Feb 06, 2007

In invasive surgery, a surgery which is complex and requires penetration into internal areas of the body, blood flow is interrupted and then reintroduced to the involved tissues. This generates a large volume of cell destroying free radicals that lead to tissue damage. This damage is called ischemia-reperfusion injury; to put this in perspective similar damage occurs after a stroke or heart attack due to the reintroduction of blood. The spinal cord and the kidneys are the most vulnerable organs to this form of damage. If the organs and tissues can be protected from the free radicals they will suffer less damage.

In this study one group of swine were supplemented with GliSODin for two weeks and the second group received placebo (swine have similar antioxidant profiles to humans). Then a major invasive procedure was performed. GliSODin significantly reduced the damage caused by the reintroduction of blood flow; DNA damage was decreased in cells. And spinal cord cell death was decreased. Additionally, venous acidosis was decreased; a condition where the blood becomes acidic, this acidosis is harmful to heart function. Organ function was not impaired with GliSODin supplementation. The study is published on line ahead of print in the journal Intensive Care Medicine, January 20th, 2007.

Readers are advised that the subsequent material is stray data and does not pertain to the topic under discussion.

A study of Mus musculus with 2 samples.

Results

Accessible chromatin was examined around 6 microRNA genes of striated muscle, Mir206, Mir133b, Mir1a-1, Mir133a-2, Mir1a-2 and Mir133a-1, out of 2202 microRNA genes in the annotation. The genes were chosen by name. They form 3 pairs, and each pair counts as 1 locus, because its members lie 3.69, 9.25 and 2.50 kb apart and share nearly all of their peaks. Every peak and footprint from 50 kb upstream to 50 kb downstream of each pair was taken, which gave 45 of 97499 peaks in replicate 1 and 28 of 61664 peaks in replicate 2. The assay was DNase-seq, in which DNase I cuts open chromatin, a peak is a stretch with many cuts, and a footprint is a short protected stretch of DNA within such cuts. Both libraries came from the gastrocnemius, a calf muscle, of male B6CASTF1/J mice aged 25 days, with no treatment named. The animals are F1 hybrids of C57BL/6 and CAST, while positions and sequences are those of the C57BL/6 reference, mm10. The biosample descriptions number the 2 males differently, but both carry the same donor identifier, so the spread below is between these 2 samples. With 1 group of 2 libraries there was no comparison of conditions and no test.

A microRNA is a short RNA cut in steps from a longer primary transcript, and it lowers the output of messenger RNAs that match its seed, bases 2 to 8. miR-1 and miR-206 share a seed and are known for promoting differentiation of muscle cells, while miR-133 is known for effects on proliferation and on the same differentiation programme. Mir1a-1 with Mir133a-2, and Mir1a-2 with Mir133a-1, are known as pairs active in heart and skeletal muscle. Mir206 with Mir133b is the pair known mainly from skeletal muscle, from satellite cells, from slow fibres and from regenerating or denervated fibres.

Evidence that GliSODin protects the kidneys in diabetes

Diabetes often causes kidney damage and can lead to kidney failure and the need for dialysis to remove waste products from the blood. Free radical damage to kidney cells is implicated in the progression of disease. GliSODin (oxykine in Japan) is the cantaloupe melon derived SOD covered by chains from wheat protein (polymeric films of wheat matrix gliadin). SOD is a powerful anti-inflammatory/antioxidant that is well absorbed by humans (SOD is normally destroyed in the digestive tract).

In this study researchers at the Molecular Gastroenterology and Hepatology Department in the Graduate School of Medical Science in Kyoto, Japan treated rodents with diabetes with GliSODin; an important time to supplement because kidney damage already starts in pre-diabetes; they are catching it early on before gross damage occurs. Giving GliSODin over a 12 week period significantly inhibited the leakage of protein into the animals? urine vs. non-supplemented animals. The kidney cells of the supplemented animals were also significantly healthier. Diabetic animals not supplemented with GliSODin also had more inflammation in their kidneys. The study is published in the journal Biofactors, 2005;23(2).